It is interesting how, when working on different things, ideas and thoughts collide. In this case my research and my professional work.
Internal audit independence and objectivity are two areas that are of constant interest to me. As the Institute of Internal Auditors (IIA) defines them: ‘independence = independence is the freedom from conditions that threaten the ability of the internal audit activity to carry out internal audit responsibilities in an unbiased manner.’ ‘Objectivity = Internal auditors must have an impartial, unbiased attitude and avoid any conflict of interest.’
In research I have been looking at a social science research methodology called ethnography. Ethnography is a type of research, derived from anthropology, where the researcher describes a culture through being immersed in it. It emerged from living with social groups to understand their societies. The researcher describes the culture of the organisation or society through understanding the viewpoint of the researched people, yet remains independent of it. The research method is designed to understand events, practices and other phenomena in the context of the culture and practices of the individuals within them. In particular it is the meaning ascribed to the those phenomena by those involved. In effect ethnography is the ‘systematic description of the single contemporary culture often through fieldwork’. The interesting element of this research methodology is the reflexive nature of the research write up, that is the person writing about the research can recognise the social and cultural forces at work shaping the individual.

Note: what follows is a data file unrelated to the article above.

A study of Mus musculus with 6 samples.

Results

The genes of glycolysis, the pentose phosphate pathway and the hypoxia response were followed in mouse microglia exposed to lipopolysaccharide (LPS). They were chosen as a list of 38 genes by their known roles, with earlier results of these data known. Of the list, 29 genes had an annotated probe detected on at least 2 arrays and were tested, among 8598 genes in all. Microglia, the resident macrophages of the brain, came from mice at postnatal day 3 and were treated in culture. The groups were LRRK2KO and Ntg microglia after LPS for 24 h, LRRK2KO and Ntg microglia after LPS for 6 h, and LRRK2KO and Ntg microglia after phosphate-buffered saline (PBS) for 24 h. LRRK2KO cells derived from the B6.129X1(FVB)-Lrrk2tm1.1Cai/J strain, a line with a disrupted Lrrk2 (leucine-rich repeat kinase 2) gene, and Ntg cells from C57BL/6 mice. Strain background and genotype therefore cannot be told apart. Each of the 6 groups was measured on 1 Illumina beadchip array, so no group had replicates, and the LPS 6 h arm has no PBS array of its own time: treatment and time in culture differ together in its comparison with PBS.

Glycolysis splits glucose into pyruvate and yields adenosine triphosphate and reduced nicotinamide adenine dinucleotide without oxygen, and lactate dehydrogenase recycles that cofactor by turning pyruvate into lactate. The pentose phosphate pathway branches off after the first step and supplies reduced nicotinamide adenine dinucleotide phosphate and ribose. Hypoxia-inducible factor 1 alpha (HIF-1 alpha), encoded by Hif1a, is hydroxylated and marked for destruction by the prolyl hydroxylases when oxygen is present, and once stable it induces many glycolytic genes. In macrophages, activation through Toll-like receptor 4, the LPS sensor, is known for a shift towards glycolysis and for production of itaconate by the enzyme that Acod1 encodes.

So it struck me that being an internal auditor is much like being an ethnographic researcher; part of group yet detached from it. Able to look systematically and holistically at the organisations, its phenomena, and culture and to challenge and write up about it. It is the auditor’s ‘agency’; that is freedom to act independent of the structure and organisations in which they work, that is important to enable this. A good ethnography recognises phenomena and the meaning given to them by the organisation.
This tension between being close enough to understand the cultural and organisational meaning of events, yet detached from it with enough agency to both see and act independently of those structures, is the unique property of internal audit. I like to simplify this statement into close enough to understand, yet far enough to challenge that understanding.
Perhaps a good internal auditor is not unbiased. Perhaps a good internal auditor is just as connected to the organisational and societal structures as any other member of the organisation, just as biased. Surely the key point is the auditor’s ability to recognise this, step outside of it, and then to analyse, write and report reflexively. The internal auditor’s key ability is therefore to have social agency.
This all confirms my view that independence is in fact a state of mind, not a state of condition. We are all bound to society, structures, culture, current viewpoints. The auditor is able to recognise and see this though. Do you have agency?